Published on December 8th, 2011 | by Jordan Petersen0
REVIEW: The Muppets
In a cinematic atmosphere rife with sequels, restarts, reboots (which come after failed restarts) and remakes, the aggressively self-hyped Muppets was a surprisingly refreshing breath of what could have been — but thankfully wasn’t — more of the same stale air. Infectiously endearing and unrelentingly self-aware, the very familiar albeit dated band of Henson’s brain creatures effectively “travelled by map” into what may be exactly the right spot in our public consciousness. And in so doing, they fill a hole that we’ve all had for quite some time — and have since forgotten.
Movies this innocent and good-spirited are rarely, if ever, so dazzlingly funny. Pixar has been delivering kids’ movies that successfully entertain that audience’s older counterpart, but I can’t remember having laughed so constantly and so sincerely and so appreciatively, for a long, long time. Written by Jason Segel and directed by James Bobin (who previously directed Flight of the Concords), this adoring tribute to Jim Henson’s genius is almost miraculously successful. These are talented comedians who know how to write and deliver layered jokes, which are at once completely accessible and smartly satisfying.
From the beginning, the audience will find themselves in a world that literally bends itself to the charming naïveté of its main characters. As per usual, I won’t give anything away by attempting to summarize the plot, but it suffices to say that the story of the film probably closely mirrors the story of its development. This is but one of the ways its core sensibility drives a delightfully complex cocktail of meta references and brazenly enthusiastic moments of absurdity. The writing is at once feverishly clever and shockingly open-hearted. The result is a cast of characters and situations that are, I would wager, impossible not to like.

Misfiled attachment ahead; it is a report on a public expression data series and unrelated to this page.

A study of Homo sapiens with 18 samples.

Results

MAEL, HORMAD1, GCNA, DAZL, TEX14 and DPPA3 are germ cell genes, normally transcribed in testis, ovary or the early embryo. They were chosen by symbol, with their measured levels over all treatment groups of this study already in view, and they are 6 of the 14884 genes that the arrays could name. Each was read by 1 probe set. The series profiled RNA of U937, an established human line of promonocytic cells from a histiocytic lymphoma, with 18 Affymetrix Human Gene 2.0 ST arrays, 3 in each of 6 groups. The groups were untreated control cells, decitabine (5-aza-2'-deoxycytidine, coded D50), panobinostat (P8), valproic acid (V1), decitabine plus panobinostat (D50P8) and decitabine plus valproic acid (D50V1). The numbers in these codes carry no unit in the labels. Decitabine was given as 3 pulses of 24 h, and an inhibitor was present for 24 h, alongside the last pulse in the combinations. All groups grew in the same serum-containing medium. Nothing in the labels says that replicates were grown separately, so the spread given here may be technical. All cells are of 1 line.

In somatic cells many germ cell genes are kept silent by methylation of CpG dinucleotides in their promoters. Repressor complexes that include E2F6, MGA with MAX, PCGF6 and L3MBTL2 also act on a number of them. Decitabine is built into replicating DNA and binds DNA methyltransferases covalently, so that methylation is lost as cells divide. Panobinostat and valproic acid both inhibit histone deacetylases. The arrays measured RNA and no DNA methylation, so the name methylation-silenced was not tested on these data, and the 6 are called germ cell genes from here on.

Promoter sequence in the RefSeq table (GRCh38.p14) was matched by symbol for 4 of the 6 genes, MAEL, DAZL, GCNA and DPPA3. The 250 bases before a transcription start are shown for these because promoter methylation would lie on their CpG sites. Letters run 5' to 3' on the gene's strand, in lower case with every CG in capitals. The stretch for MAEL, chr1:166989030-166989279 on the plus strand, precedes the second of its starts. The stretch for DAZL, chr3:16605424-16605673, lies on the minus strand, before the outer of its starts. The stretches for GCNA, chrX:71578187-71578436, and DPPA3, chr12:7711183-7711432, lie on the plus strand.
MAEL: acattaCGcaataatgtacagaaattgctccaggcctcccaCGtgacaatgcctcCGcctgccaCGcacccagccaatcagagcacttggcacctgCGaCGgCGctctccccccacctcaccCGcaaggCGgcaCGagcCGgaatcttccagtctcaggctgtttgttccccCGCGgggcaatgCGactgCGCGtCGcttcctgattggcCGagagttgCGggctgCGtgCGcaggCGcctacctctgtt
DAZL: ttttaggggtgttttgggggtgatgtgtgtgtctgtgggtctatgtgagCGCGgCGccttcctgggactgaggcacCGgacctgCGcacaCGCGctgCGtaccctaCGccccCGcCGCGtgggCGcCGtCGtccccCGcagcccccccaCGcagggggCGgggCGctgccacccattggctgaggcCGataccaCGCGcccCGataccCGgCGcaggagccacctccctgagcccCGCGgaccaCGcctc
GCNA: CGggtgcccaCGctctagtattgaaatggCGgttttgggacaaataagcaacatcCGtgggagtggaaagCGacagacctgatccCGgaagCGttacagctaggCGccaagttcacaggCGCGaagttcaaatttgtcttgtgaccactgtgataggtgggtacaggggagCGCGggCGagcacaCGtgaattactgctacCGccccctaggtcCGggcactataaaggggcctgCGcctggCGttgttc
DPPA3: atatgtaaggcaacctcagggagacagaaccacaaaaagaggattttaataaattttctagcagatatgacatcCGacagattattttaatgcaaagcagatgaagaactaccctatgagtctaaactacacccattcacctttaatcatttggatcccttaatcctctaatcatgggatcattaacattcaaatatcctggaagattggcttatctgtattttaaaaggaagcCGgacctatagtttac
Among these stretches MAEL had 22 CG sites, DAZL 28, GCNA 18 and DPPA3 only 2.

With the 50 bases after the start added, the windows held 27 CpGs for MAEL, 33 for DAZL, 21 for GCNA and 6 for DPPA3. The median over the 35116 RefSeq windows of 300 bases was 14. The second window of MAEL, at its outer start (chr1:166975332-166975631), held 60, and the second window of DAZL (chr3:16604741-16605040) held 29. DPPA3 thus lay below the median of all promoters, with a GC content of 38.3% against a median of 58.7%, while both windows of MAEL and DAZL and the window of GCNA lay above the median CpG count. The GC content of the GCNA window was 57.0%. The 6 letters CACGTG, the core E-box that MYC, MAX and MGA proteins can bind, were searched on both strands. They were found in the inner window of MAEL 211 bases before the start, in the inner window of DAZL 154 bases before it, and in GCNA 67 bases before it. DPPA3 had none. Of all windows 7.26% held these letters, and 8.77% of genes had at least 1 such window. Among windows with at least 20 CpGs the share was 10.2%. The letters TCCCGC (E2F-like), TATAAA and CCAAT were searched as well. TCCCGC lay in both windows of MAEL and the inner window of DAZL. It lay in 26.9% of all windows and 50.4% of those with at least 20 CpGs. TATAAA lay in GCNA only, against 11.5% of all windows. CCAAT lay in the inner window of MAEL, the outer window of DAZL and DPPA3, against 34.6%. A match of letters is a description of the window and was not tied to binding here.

The mantle of protagonist rests upon a new muppet, Walter, who is one of Segel’s personal creations. As his human comrades, Amy Adams and Jason Segel himself perfectly complete the tone of this story. I’m not sure there’s another human who can play sweet like Adams. And Segel, actually visibly (hilariously, endearingly), comes to terms with his own muppet nature in one of the more quietly wonderful musical numbers (yes, this is very much a musical), in which he considers the question, “am I a man, or a muppet?” and eventually concludes that he is a “muppet of a man.” It’s hard to understand how a scene can be so ridiculous and honestly searching simultaneously until you see it, but there it is.
The muppets themselves are treated like old school celebrities. The process of resurrection seems to have been lossless. There are no wrong notes, so to speak. Kermit is still the sage and gentle frog, a bit wearied with time, and Miss Piggy is — dare I say it — actually less annoying than any of her previous iterations. Segel captured the best of that awkward pig-frog dynamic and floated it like a pro. That he and his crew successfully acknowledge each muppet’s most dangerously antiquated attributes is impressive in itself, but they also manage to forge a stronger story and characters with those very liabilities.
The Muppets currently stands alone in a class of movies that manage to be both profoundly entertaining and broadly palatable. This really is a movie for everyone — from kid to grown-up; from popcorn-fister to jaded critic. That’s the kind of film that classically made the Muppets so enduringly endearing — and no one since has quite been able to fill the hole Jim left when he died. Consider it a happy miracle that his Muppet family seems to have survived him. ♦ ♦ ♦
Jordan Petersen is SOUND’s resident sensei of all things movie-related. Recently graduated from Brigham Young University, he is now working towards a Master’s degree in film at Boston University. Check out Jordan’s filmmaking blog at twentyoneninety.blogspot.com.